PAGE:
MIT is working with oil and gas companies on the next generation of remote underwater vehicle to has created a working prototype of an autonomous underwater vehicles AUV, with the goal of further developing it into a complete functional ROV, untethered for agility, with advanced functionality, and a complete communication system giving the human operator more data, analytics and greater flexibility and control to go where no man has gone before, and literally do what humans cannot deep below the surface.
Remotely operated underwater vehicles (ROVs) are critical technologies for inspecting subsea structures and sending real-time videos and other conditional and environmental data to human operators who supervise the work being performed. ROVs are used instead of humans because of the harsh conditions in deepwater oil and gas operations for inspecting, maintaining, and repairing complex equipment and/or facilities at unprecedented ocean depths.
This poses many serious challenges to Health, Safety and Environment (HSE) and for meeting performance requirements as well. As a result, innovative designs are needed to meet the demands for better, faster and safer drilling and production. These factors, plus low oil prices, are driving oil companies to transform their businesses through greater automation and innovation by using more sophisticated underwater robotics equipment with greater agility, advanced communications and applying analytics.
The old standard method of ROV connection was to tether data and power using a heavy cable that can be miles long and can easily get tangled and damage subsea structures. To move away from the tethered dependency, Research was conducted by MIT Sea Grant team to develop an autonomous underwater vehicles (AUVs) that doesn't need the tether and will assist the ROV for work like unmanned inspection, drilling and even welding on a production platform.
The basic ROV includes a video camera and lights, and additional features can be added depending on the requirements. Ancillary equipment can include: sonars, magnetometers, other cameras, water sampling devices, arms for cutting and welding, and instruments for further analytics such as water clarity, chemical composition, sound, temperature, pressure, density, light penetration and more.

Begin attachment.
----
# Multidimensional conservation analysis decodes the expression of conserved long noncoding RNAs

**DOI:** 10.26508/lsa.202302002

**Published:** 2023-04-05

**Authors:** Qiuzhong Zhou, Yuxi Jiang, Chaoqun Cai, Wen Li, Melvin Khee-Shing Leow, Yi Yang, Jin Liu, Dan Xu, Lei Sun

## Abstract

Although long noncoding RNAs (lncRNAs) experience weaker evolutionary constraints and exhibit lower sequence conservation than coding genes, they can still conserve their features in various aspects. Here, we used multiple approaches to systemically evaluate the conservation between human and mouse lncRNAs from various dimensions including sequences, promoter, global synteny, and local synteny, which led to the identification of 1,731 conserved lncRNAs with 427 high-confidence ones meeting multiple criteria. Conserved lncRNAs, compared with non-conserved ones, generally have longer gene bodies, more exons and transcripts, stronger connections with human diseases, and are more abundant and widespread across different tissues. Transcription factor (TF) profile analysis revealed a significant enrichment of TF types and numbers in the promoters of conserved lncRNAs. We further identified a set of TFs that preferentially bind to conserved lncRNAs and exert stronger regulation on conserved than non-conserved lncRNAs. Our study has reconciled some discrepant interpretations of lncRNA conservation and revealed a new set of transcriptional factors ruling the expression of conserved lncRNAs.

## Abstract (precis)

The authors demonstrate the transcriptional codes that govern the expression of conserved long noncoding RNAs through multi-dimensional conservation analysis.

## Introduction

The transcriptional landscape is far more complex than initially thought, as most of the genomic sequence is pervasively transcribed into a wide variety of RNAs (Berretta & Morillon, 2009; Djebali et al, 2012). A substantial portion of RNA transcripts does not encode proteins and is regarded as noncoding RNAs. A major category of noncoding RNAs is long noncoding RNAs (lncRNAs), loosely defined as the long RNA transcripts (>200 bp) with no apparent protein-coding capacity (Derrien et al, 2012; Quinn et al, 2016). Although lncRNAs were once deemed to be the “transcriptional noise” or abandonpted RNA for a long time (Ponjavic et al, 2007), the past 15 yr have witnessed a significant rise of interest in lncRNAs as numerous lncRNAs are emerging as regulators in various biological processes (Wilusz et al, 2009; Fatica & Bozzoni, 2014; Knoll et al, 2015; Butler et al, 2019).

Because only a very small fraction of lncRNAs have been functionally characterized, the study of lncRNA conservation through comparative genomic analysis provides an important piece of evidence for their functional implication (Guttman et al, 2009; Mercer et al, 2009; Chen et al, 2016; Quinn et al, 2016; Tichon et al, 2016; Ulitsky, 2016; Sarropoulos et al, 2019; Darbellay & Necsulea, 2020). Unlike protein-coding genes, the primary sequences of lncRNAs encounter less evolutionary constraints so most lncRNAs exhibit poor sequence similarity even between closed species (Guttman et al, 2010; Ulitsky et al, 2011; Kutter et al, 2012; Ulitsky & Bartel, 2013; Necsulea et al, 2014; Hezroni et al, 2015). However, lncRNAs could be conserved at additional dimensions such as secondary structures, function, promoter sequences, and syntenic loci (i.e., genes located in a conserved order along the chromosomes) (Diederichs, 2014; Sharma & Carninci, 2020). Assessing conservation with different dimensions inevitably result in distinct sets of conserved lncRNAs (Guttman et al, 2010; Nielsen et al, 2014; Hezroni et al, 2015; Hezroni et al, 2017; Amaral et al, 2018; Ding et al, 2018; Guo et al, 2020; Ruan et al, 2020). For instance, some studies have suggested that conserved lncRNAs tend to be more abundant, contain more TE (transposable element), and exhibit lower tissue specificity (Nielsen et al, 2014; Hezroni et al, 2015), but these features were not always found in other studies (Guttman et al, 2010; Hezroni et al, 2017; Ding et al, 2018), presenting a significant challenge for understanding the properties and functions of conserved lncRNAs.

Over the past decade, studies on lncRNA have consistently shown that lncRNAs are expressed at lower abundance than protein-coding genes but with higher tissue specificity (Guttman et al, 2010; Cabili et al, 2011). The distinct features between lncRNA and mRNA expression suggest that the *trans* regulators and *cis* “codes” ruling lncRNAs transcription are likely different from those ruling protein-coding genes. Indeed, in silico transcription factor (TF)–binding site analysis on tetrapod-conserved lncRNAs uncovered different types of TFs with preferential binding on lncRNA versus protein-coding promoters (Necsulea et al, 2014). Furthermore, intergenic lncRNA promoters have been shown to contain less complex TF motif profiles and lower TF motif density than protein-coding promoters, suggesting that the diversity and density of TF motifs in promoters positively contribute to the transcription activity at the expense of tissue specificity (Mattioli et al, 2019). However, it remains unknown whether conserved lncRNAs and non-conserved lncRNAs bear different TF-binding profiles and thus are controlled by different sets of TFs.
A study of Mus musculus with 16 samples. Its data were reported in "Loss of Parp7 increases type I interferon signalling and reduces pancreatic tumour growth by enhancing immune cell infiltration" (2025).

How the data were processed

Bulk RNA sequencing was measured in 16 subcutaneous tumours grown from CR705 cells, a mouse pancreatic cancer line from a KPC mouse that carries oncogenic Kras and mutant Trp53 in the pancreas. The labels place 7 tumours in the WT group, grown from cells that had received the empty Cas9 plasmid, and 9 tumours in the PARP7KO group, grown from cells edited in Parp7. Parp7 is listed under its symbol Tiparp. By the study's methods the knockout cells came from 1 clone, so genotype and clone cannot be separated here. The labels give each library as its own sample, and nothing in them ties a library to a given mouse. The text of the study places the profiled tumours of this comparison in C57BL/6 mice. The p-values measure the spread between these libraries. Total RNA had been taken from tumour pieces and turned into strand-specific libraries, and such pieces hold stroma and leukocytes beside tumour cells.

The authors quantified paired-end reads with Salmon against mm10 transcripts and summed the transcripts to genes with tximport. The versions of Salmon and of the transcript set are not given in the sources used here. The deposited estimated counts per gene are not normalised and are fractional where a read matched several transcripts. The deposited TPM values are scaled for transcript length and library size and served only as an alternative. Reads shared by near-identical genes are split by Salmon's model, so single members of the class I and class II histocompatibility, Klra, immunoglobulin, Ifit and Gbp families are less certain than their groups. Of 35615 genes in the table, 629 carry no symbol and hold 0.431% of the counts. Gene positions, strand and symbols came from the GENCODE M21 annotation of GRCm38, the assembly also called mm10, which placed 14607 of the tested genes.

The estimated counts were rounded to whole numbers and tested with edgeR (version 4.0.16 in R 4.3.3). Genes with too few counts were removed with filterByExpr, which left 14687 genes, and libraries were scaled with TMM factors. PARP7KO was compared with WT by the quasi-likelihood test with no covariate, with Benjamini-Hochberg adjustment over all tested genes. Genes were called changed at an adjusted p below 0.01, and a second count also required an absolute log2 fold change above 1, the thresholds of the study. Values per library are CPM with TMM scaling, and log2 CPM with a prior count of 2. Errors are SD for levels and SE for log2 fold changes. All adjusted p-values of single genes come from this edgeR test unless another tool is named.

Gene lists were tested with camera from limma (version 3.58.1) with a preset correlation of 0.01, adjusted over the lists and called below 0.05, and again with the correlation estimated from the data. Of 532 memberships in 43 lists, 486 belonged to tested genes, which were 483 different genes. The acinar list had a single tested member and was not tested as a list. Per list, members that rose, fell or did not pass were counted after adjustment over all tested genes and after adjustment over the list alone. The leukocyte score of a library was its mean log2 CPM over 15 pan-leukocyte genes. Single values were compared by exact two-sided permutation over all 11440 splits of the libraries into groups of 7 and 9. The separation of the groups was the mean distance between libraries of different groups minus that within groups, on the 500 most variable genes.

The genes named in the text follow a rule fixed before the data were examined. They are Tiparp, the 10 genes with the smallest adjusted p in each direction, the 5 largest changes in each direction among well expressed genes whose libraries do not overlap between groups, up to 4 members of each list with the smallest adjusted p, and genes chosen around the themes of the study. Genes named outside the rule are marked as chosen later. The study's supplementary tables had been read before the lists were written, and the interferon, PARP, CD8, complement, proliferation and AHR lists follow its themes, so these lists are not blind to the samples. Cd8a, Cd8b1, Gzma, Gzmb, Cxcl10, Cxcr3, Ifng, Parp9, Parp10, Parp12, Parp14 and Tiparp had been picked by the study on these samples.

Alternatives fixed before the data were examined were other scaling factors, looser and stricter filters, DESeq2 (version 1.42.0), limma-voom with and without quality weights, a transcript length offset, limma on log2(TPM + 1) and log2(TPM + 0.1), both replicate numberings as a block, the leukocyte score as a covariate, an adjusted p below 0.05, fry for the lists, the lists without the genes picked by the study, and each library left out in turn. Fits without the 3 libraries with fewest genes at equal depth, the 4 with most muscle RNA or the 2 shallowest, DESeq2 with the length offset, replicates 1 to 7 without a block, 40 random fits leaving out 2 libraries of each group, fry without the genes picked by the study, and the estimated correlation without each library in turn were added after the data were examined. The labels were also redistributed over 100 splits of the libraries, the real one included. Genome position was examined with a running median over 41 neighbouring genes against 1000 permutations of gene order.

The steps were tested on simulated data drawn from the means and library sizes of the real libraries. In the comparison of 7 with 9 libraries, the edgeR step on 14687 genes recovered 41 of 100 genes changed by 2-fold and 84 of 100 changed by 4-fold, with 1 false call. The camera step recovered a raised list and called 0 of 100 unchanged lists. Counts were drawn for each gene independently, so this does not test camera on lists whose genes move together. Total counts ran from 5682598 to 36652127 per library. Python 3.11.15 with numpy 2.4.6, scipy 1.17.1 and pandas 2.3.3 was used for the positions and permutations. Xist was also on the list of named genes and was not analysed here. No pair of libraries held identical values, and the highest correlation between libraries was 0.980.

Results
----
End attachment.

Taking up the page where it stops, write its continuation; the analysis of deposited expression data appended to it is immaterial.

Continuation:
MIT has created a working prototype of an AUV, with the goal of further developing it into a complete functional ROV, untethered for agility, with advanced functionality, and a complete communication system giving the human operator more data, analytics and greater flexibility and control to go where no man has gone before, and literally do what humans cannot deep below the surface.
Future AUVs will wirelessly send videos from thousands of feet underwater to human operators on a ship or somewhere onshore. They will be able to navigate without human intervention, monitoring ocean currents, mapping the environment, and over time, with machine-learning, modeling, simulation and cognitive analytics capabilities, will replace the need for human control similar to a self-driving car.
It is especially interesting that MIT is investing their time and people to evolve this technology to the next level. This is an indicator of the importance everyone involved places on this innovative technology and the processes it impacts. Underwater robotics is an innovative, practical marvel that IDC Energy Insights believes is a disruptive technology that will help oil and gas companies realize: greater efficiencies, safer environmental conditions for workers, and with help from organizations like MIT will digitally transform the oil field onshore and offshore as humans and machines come together.